The Superman pose: Malaysia youths on illegally modified bicycles risk safety, road users concerned

JOHOR BAHRU: Business owner Khairul Hakimin Muhammad was driving along a main highway in Bangi, Selangor last Thursday (Apr 21) when two cyclists sped past him, coming within inches of grazing both sides of his car.

The riders blew past a red traffic light 300m in front of him. Mr Khairul immediately applied his emergency brakes and swerved to avoid six other cyclists, presumably from the same group, who cut into his lane from the left. He remembered seeing two of them riding in a prone position.

He told CNA that he missed the group narrowly, and attributed it to the fact that he was alert enough to react in time.

“That was the second time in four days that I saw this group tearing down a hill into the main road at Bangi’s Section 16,” Mr Khairul recounted.

“All of them seem like they are still in primary school. Their bicycles are clearly modified, no brakes and (a) set up to allow them to plank horizontally, ”he added.

“There was no sense of fear and certainly no logic in why they would ride that way,” said Mr Khairul, who later made a report to the police about this “basikal lajak” gang.

Basikal lajak (modified speed bicycles) is a form of drag-racing using illegally-modified bicycles on public roads. It is popular among youths in parts of Malaysia.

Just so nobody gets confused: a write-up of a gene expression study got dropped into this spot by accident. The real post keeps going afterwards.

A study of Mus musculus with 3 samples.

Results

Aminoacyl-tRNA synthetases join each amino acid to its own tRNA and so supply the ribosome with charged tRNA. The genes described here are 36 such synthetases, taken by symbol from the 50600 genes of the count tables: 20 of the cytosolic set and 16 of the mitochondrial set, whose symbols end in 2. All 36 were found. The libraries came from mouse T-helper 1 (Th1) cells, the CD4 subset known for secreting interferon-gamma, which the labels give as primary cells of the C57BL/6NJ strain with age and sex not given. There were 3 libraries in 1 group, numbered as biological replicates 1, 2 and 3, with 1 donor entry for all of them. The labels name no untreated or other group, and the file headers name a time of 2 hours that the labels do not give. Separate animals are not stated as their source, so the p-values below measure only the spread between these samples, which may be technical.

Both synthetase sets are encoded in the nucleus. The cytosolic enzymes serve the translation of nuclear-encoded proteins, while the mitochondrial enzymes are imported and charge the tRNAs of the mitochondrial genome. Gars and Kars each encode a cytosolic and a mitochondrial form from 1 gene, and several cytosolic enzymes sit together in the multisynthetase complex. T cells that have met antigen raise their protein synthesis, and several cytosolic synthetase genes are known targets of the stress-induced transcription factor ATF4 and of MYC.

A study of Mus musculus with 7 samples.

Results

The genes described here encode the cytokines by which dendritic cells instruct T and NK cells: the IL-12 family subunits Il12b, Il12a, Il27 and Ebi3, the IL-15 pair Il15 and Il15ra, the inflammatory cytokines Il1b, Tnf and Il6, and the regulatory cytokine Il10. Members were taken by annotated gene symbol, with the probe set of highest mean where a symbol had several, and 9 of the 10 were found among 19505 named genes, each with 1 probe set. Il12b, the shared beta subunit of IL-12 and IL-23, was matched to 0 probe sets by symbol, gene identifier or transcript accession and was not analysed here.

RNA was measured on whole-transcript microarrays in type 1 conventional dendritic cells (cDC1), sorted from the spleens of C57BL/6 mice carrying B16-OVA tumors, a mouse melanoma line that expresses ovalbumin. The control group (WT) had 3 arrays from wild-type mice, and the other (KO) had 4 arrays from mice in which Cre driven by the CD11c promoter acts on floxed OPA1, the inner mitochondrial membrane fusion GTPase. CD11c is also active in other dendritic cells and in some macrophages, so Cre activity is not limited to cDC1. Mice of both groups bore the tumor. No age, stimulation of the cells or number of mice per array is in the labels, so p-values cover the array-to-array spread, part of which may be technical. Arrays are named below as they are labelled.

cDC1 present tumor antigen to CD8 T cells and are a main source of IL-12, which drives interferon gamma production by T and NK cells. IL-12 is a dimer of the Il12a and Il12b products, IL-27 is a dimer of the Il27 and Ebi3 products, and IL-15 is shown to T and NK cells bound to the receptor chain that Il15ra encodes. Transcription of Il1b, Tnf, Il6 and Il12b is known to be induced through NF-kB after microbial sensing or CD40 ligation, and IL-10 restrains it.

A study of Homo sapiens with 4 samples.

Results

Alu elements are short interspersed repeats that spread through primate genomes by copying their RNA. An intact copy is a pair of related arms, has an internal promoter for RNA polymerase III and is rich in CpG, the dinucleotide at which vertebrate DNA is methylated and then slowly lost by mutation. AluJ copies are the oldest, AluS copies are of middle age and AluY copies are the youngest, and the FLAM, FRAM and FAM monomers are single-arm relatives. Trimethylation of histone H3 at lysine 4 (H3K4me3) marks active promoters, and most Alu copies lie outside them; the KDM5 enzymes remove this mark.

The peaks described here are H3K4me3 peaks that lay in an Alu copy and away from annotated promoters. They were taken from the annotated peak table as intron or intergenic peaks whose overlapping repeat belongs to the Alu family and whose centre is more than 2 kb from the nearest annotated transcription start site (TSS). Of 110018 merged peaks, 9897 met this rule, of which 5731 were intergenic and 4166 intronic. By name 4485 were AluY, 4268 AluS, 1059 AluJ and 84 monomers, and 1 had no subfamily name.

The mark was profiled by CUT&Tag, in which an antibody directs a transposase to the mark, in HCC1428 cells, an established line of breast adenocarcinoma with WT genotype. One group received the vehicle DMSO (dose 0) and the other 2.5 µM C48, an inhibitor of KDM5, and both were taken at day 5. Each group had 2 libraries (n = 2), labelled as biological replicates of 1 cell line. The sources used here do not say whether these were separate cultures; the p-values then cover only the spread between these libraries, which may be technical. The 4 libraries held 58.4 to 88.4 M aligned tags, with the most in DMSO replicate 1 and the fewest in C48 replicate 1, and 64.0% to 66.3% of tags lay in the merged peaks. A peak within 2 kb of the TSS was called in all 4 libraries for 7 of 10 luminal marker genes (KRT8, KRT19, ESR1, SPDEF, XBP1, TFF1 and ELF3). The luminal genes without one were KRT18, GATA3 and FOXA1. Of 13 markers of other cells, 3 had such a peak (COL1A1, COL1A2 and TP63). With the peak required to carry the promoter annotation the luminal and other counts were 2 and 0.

These bicycles typically do not have brakes or reflective lights. The riders also do not wear helmets, padding or safety gear.

The races typically begin from atop a hill, and continue downslope into public roads, including highways filled with traffic.

While these modified bicycles have been popular among youths for years, they were thrust into the national spotlight earlier this month after a woman was sentenced to six years jail and RM6,000 fine (US $ 1,400) for reckless driving that led to the death of eight teenagers in Johor in 2017.

On Apr 19, driver Sam Ke Ting was released on bail pending the hearing of her appeal at the Court of Appeal.

The incident has triggered debate on where the blame should lie, given that the teenagers were cycling illegally on a public highway late at night.

The police have been active in enforcing the law, which bars the riding of illegally modified bicycles on public roads.

For instance, during an operation across two days in October 2021, Johor police apprehended eight youths who were engaging in basic lajak races. Police said the youths, aged between 10 and 15, were riding in a dangerous manner and brought them to the police station for “further action”.

Over the past week, some netizens have posted on social media about their close shaves with basikal lajak gangs, including Mr Khairul. His post garnered more than 100 shares and 400 comments on Facebook, with many fellow netizens expressing concern on how to eradicate such groups.

Another Facebook user Nurul Hidayah Sa’al recounted how she would see these basikal lajak groups around her estate in Selangor, usually at night.

She wrote that they would circle the neighborhood, riding recklessly on the roads with little care for pedestrians or motorists.

“They don’t stop at traffic lights, cars stop for them,” she wrote. “And we can’t even tell these kids off, they even throw rocks at my car.”

Five years after the accident that killed eight teenagers, what remains concerning is that basikal lajak groups are still active in some parts of Malaysia, where they continue to pose a road hazard for themselves and other road users.

Bicycle shop owners and professional riders interviewed by CNA say that such modifications should not be encouraged. To eradicate such practices, public education is key, they said.